We recently held our 18th annual Wealth Symposium, an offsite event in which members of our investment, financial planning, and legacy planning teams present research projects to our full advisory staff. This full-day Symposium allows us to explore topics and align our team on important issues which help us better serve our clients.
Topics on this year’s agenda included:
- Performance of Small Cap Value Stocks
- Vista’s Impact Portfolio for Sustainability
- Fixed Income Review
- Quantifying the Value of an Advice
- Complex Charitable Planning: Case Studies
These discussions do not always result in changes to portfolios. This year, our detailed review of fixed income (bonds) confirmed our current strategy continues to provide the most appealing combination of safety, diversification, and inflation-protection while minimizing cost.
While you can expect to hear more from us on each of these topics, we’d like to highlight takeaways from two of our discussions:
Performance of Small Cap Value Stocks
Over the past ten years, U.S small cap value stocks have trailed their large growth counterparts by nearly 5.5% per year. Performance over the past decade has been so poor, in fact, that 96% of all historical 10-year periods since 1926 have been better for small cap value stocks than has the most recent decade.
We don’t blame investors for seriously questioning their commitment to small cap value stocks. Should they give up entirely? Or could small cap value stocks possibly stage a comeback? Recent performance makes this hard to imagine.
While past is not prologue, it’s worth noting that in 81% of all historical 10-year periods, U.S. small value stocks have delivered higher returns than U.S. large growth stocks. In other words, far more often than not, investors have been rewarded for favoring these smaller, lower-priced stocks.
After other past and painful stretches of underperformance, small value stocks have historically staged remarkable comebacks. Consider:
- The decade ending April 1939, when large growth stocks outperformed small value by more than 2% per year. The subsequent ten years saw a dramatic reversal when small value outperformed by 15% per year.
- The decade ending April 1999, when small value lagged by nearly 6% per year. Over the next 10 years, small value outperformed large growth by 10% annually.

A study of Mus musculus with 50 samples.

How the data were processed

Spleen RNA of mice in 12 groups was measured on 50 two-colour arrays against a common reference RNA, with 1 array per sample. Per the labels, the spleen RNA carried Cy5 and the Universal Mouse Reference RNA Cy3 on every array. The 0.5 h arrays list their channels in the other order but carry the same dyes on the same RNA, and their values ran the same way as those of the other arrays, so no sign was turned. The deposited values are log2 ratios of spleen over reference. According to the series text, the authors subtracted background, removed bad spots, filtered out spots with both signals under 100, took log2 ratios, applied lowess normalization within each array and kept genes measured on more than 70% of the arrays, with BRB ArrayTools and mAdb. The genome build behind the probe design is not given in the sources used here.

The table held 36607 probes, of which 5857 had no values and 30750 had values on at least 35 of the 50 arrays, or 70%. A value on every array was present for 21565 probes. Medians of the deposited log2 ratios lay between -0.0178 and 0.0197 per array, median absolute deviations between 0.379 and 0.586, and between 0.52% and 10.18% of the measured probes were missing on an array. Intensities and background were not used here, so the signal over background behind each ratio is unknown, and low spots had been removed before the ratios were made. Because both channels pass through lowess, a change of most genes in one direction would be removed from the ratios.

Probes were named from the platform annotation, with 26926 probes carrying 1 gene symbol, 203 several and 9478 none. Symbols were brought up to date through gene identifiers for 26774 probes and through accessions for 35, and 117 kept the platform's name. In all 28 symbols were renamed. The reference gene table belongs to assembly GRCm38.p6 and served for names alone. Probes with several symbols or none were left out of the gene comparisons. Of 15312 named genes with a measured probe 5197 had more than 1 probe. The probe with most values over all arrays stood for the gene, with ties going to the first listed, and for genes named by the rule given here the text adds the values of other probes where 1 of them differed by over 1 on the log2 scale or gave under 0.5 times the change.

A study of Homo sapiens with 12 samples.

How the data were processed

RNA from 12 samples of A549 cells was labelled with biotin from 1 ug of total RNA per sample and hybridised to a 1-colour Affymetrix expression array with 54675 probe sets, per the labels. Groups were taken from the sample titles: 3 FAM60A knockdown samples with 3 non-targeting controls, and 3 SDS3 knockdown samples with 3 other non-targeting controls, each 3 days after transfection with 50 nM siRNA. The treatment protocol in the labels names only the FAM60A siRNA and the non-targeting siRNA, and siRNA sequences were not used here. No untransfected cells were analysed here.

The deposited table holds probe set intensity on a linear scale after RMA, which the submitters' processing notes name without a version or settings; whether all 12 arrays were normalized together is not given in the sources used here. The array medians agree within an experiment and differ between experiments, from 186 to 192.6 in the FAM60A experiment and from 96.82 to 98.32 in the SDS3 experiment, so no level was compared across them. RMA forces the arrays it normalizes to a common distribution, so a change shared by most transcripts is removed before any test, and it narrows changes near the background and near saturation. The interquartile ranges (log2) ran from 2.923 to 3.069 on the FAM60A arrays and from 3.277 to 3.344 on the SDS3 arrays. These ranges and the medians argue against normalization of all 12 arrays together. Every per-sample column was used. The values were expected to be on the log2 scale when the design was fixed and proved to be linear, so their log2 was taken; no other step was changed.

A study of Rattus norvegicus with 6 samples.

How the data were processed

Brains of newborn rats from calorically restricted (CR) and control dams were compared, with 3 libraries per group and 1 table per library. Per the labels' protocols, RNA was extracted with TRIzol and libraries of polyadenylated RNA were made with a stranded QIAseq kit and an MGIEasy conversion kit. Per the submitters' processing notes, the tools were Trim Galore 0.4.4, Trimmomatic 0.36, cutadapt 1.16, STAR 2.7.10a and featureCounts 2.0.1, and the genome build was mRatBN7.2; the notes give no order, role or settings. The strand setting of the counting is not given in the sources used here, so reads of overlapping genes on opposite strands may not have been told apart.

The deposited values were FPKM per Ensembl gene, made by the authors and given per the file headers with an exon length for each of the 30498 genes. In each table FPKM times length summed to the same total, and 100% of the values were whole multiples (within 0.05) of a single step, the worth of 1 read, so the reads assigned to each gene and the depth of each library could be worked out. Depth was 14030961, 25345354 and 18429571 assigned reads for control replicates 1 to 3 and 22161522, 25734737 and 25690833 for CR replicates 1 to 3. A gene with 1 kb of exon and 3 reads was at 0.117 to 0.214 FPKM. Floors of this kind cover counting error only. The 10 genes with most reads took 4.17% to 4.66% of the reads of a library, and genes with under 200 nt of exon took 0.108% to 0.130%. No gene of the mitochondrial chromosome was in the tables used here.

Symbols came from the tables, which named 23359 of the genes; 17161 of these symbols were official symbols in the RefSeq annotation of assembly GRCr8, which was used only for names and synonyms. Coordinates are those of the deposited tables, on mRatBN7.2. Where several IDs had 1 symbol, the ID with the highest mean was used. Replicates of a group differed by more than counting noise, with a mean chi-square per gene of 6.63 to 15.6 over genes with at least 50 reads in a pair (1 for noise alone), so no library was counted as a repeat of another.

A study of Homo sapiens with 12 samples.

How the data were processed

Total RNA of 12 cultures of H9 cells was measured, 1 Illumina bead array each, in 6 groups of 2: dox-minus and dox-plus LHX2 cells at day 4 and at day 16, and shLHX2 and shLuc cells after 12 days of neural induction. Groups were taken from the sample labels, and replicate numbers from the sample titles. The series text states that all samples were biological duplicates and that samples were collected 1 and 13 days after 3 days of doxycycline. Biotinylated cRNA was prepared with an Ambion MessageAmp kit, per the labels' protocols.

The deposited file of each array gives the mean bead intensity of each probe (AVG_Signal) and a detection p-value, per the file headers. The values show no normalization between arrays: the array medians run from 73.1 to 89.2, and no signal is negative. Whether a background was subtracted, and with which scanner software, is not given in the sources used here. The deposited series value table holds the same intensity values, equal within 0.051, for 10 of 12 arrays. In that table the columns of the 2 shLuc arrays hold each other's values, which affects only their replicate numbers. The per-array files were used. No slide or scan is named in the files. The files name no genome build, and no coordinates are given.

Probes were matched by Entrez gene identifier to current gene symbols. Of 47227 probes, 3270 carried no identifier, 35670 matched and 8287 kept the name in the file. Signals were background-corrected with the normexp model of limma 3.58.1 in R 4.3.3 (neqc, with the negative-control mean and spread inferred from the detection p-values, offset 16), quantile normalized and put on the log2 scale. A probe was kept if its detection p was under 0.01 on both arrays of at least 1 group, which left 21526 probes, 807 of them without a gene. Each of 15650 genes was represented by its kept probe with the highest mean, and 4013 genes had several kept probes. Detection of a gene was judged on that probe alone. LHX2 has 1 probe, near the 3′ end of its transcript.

These historical examples illustrate how investors occasionally become so enamored of the market’s most popular stocks, they seem to forget a fundamental tenet of investing: price matters.
We will never know in advance when the performance race will turn, but we do know that low prices have generally paved the way for high future returns, and high prices have inevitably led to lower returns.
That is why, after “paying for the risk” of investing by suffering through disappointing performance, it is critical to stick around for the returns we expect to materialize.
Quantifying the Value of Advice
As investment advisors, there are many things we do for clients that aren’t always reflected in performance statements.
What was the value of converting an IRA to a Roth IRA? What benefit did donating appreciated stock provide over simply writing a check to charity? How much more is a portfolio worth because of strategic asset allocation? How about decisions to buy stocks and rebalance in 2020 (or 2009) and to not chase GameStop or Bitcoin—what’s the value of that advice?
The benefit of these decisions and recommendations—some strategic, many behavioral—are not not shown in quarterly portfolio reports.
The Vanguard Group sought to quantify the value (“alpha”) of such advice in their comprehensive research paper, Advisor’s Alpha®. Michael DiJoseph, CFA, one of the paper’s principal authors, joined our Symposium to share the study’s methodology and conclusions.
In total, Vanguard estimates advisors can deliver up to, or even exceed, 3% in annual “alpha” through comprehensive financial planning, behavioral coaching, asset allocation guidance, withdrawal strategies, and tax minimization. This is the value clients receive, expressed as a percentage of their portfolio value, above and beyond what is shown in a portfolio report.
A few of the key value-adds (and % estimated benefit) of Advisor’s Alpha® are:
- Utilizing lower cost investments (0.3%)
- Disciplined rebalancing (0.14%)
- Behavioral coaching (up to 2%)
- Minimizing tax through asset location (0.6%)
- Withdrawing from correct accounts (up to 1.2%)
If you’d like to learn more about Vanguard’s Advisor’s Alpha® framework or the other strategies we employ as we seek to protect and grow our clients’ wealth, please reach out to your Lead Advisor.
We hope our efforts to adapt and grow as the investment and financial planning landscape evolves provides you confidence in Vista’s ability to protect and grow your life’s savings. Our annual Wealth Symposium is an important part of that effort.